Social research shows innovation is budding in Kansas City, Karen Stephenson said.
“I think that the heartland is where the innovation of the future is coming from,” Dr. Karen Stephenson, a Harvard-educated anthropologist, said. “It doesn’t come from the coasts. When you look at what drives innovation and where a lot of these Silicon Valley firms are coming from, they have migrated from the heartland.”
This isn’t just talk. As part of the KC Connector Project, the Ewing Marion Kauffman Foundation hired Stephenson to take a three-month, deep look at the Kansas City entrepreneurial and education ecosystem. The results of that study were revealed this month during the Gigabit City Summit.
In February, the Kauffman Foundation asked Kansas Citians to nominate the area’s “unsung heroes” for the first phase of research. Stephenson — who has conducted similar studies in Portland, Philadelphia and Louisville — then identified the top connectors and then collected additional demographic information.
Next, Stephenson asked each of the 222 Kansas City connectors to identify which of the remaining 221 connectors they knew personally, analyzing the ecosystem’s structure.
The high frequency of “hybrid” connectors in Kansas City stood out, Stephenson, who has been internationally recognized for her research in networks and relationships, said.
“The hybrids are boundary crossers,” Stephenson said. “They either are educators that are not finding what they need to do a good job in education, so they become entrepreneurs in order to do their job effectively, or they are entrepreneurs creating things that are seeing a need in education.”
Of the 222 connectors, 32 percent self-identified as an educator, 21 percent as an entrepreneur and 47 percent as a hybrid. That means most Kansas City connectors are actively crossing traditional industry boundaries, Stephenson said.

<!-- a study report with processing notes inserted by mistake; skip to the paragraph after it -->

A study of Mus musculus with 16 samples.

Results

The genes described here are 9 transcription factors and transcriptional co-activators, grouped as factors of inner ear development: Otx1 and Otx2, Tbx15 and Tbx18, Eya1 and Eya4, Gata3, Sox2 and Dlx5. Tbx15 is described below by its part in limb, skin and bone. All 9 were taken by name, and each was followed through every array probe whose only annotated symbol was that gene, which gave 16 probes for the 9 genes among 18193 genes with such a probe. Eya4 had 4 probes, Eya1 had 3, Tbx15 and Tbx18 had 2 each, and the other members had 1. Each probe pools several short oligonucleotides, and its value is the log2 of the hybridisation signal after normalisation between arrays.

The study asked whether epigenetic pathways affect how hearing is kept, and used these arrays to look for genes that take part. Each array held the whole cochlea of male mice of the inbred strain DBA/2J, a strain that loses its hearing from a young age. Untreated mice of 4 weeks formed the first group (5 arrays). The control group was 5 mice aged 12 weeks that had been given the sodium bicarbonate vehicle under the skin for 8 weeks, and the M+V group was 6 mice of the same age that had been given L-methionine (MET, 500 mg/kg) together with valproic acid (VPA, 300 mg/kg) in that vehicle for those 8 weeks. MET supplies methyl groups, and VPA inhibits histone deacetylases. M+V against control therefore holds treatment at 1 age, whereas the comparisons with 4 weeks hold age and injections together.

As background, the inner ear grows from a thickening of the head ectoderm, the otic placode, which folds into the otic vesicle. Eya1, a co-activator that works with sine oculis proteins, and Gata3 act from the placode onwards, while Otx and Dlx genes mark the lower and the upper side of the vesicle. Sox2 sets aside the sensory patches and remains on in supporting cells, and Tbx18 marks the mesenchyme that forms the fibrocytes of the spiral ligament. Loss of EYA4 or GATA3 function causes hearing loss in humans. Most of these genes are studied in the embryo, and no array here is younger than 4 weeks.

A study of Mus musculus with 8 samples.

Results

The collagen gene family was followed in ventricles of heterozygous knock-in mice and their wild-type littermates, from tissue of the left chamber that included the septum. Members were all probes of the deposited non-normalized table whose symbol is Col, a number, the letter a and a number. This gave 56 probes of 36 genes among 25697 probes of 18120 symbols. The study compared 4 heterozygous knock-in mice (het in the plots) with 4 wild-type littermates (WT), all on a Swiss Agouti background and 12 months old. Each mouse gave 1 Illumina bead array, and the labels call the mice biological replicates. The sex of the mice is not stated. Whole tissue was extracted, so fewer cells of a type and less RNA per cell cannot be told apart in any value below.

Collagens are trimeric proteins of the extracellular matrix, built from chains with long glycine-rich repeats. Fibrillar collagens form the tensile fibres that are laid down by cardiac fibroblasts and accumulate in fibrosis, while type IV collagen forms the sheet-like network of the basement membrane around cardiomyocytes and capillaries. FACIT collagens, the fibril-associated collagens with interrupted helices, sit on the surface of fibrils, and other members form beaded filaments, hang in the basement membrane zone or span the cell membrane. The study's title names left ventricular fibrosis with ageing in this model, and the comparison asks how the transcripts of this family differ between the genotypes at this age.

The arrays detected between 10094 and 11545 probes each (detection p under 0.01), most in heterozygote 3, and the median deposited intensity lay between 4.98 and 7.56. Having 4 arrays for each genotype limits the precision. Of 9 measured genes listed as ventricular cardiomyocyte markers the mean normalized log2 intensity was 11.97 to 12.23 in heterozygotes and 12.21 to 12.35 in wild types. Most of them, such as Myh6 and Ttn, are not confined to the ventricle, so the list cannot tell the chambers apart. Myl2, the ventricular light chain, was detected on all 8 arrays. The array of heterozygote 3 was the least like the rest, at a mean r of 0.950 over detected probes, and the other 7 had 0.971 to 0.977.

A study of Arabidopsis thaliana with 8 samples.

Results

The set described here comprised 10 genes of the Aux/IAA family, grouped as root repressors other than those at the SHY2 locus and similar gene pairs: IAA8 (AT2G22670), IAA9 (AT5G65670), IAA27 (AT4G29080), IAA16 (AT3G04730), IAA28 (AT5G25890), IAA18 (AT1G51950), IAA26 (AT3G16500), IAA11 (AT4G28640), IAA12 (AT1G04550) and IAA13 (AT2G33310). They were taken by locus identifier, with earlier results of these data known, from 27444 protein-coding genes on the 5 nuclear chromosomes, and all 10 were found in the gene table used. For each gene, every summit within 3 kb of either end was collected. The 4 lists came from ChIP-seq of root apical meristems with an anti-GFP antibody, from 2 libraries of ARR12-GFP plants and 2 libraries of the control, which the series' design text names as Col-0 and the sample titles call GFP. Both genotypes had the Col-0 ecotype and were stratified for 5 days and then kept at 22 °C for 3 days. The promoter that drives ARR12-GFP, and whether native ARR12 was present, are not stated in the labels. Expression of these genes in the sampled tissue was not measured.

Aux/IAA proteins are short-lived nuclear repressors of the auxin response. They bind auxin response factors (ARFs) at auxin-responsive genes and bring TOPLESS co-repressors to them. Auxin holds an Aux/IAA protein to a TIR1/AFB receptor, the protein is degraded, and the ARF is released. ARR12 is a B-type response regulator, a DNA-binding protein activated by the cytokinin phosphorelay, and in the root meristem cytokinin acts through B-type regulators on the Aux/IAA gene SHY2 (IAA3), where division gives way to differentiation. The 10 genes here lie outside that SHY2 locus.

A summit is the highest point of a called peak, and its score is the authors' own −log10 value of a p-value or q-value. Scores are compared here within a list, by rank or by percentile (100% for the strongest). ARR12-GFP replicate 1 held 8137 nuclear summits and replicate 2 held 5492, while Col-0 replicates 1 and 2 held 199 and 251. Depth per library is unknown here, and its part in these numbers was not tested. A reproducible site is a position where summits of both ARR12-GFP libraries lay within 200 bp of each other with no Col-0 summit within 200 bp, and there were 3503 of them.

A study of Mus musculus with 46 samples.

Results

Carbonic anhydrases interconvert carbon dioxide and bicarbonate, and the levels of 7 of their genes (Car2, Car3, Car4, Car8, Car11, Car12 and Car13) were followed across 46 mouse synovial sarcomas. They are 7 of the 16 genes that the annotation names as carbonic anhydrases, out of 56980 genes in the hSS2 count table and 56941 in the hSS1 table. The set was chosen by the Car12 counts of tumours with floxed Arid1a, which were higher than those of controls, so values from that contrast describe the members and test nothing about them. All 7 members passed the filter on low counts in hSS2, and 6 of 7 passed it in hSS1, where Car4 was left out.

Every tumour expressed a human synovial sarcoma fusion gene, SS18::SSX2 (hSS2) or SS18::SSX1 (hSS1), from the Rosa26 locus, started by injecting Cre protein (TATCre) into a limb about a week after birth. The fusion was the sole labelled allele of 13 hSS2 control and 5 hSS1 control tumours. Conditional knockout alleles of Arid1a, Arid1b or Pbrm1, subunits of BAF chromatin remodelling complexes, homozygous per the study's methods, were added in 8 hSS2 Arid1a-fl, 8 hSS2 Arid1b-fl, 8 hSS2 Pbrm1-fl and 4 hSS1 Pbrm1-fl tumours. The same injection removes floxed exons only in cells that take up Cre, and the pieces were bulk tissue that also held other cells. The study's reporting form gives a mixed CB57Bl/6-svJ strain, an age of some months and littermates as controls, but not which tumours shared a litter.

“What people are more inclined to do is connect with people of their own tribe,” Stephenson said. “But, we know that research shows that innovation comes from diverse interconnections. It comes from getting out of your comfort zone and reaching out across to other disciplines.”
The more hybrids cultivated in a community, the more innovation will follow, she said.
“When people work laterally in trust-based networks, the rate of innovation rises,” Stephenson said. “Siloed, competitive hierarchies may have worked in the 20th century, but now we are so interconnected that we’ve got to learn how to connect.”
The study revealed 44 percent of the connectors were male and 56 percent female. In addition, female connectors were more likely than males to have attended higher education in Kansas City, while males were more likely to have migrated to Kansas City.
The KC Connector study was merely a pilot, Stephenson said. She hopes to continue working with Kansas City and the Kauffman Foundation to further build trusted, collaborative networks.
Kansas City can become a pioneer in ecosystem research, she said.
“The study is like a dress rehearsal,” Stephenson said. “We need to look at things more to truly understand what’s happening. This process can be scaled, but I can’t do it alone.”
Stephenson added that she wants Kansas City and other cities in the heartland to feel empowered and confident in the innovation at their fingertips, which they can leverage.
“It’s a false narrative that you say you’ve got to go to the coast to make things happen,” Stephenson said. “Kansas City to me represents the heartland of innovation, it’s not the north, not the south, not the east and not the west. … Continue to innovate, get it out there and let it be copied by the coasts.”
The video below shows a time-lapse of how the connector nomination process works, mapping out the social network’s interconnections. To see the complete list of connectors, click here.
This video is credited to Dr. Karen Stephenson and the Ewing Marion Kauffman Foundation.